MARQUETTE – The top executive for Cliffs Natural Resources said Wednesday the mining company continues to pursue a “rock solid” revitalization strategy of shutting down and selling off its diverse assets elsewhere, reducing debt, and focusing on iron ore production in the Upper Great Lakes region.
“We are back to basics,” said Lourenco Goncalves, Cliffs’ chairman, president and chief executive officer. “We are back to our business, to our real business, the business that made Cliffs a big company, the business that made Cliffs a powerhouse in the United States and abroad and that is producing iron ore in Michigan and Minnesota and that’s it. That’s our business.”
From coal to chromite, from Australia to Canada and the southeastern United States, under previous board management, Cliffs diversified and expanded.
“Everything else was done through a strategy that was not the best one for the company – that was not the best one for the community that the company serves,” he said. “Lots of money was spent and wasted in bad investments we’re correcting all that.”
Goncalves said Cliffs’ now realizes those “mistakes of the past.”
“It was not an easy process for the company to recognize that,” he said. “We, actually as shareholders, and I was a shareholder, from the outside, we had to wage a proxy war last year to be able to be here today and we had to basically take down an entire entrenched board that was destroying Cliffs. But this is all in the past.”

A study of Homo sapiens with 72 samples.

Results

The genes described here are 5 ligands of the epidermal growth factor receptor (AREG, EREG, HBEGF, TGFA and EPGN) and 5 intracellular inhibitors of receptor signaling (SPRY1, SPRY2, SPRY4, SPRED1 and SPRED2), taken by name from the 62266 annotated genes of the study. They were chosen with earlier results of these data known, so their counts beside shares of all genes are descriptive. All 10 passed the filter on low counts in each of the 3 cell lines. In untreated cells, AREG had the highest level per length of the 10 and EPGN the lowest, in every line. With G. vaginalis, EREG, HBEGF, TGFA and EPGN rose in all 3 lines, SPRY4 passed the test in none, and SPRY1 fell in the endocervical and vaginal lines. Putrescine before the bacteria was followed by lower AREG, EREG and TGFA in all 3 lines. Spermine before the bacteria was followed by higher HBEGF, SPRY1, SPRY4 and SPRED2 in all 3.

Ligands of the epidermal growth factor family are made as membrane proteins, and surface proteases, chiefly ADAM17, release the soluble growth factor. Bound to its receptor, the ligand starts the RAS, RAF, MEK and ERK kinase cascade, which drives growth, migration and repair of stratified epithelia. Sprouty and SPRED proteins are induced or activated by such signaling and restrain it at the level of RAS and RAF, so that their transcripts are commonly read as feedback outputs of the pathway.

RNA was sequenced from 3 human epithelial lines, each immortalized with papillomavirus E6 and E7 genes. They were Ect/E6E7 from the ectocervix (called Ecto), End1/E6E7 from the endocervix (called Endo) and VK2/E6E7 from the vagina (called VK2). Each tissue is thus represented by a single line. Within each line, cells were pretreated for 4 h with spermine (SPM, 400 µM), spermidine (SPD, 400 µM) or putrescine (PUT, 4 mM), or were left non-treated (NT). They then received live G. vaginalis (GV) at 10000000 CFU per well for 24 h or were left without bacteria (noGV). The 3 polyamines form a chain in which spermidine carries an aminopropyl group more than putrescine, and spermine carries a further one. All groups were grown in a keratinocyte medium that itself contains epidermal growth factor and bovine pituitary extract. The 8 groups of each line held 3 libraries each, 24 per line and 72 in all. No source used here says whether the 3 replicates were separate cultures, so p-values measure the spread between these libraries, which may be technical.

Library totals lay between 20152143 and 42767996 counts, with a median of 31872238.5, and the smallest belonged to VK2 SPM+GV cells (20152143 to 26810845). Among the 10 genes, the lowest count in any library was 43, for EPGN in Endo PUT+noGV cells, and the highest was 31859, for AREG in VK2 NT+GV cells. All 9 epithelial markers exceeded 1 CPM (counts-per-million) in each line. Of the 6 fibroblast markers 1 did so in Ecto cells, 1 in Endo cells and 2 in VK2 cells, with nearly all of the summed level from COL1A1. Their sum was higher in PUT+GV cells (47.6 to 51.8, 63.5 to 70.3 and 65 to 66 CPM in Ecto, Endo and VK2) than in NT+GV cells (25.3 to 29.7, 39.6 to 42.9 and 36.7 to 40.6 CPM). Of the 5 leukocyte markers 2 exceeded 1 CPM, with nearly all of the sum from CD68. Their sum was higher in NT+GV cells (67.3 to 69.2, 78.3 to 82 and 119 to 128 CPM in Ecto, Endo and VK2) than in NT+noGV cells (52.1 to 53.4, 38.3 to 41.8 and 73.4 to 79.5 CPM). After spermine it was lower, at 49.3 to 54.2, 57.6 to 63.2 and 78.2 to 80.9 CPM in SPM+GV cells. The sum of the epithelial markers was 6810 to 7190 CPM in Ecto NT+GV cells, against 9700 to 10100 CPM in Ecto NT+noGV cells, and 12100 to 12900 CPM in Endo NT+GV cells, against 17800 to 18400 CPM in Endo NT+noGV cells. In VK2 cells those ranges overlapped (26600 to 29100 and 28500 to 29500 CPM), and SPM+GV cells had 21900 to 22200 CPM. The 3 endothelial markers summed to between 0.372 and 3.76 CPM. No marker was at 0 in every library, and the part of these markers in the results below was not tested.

Goncalves, a native of Brazil, was appointed to his three top posts at Cliffs in August, shortly after the hedge fund Casablanca Capital announced it had placed Goncalves and five more of its director nominees on Cliffs’ 11-member board, effectively giving Casablanca control of the company.
Since that time, change has been a constant at the new Cliffs.
“I’m very concerned about the present and very concerned about the future and I see a very strong present, in which we already paid down more than half a billion dollars in debt in less than six months, in an environment that’s not the perfect environment for the business from the price perspective,” Goncalves said.
Company debt has shrunk from $3.3 billion to $2.6 billion.
Goncalves said in the short-term the best indicator of the health of the company is its financial stability, ability to pay its bills and dramatically continue to reduce debt, which was added to the company through that flawed expansion strategy.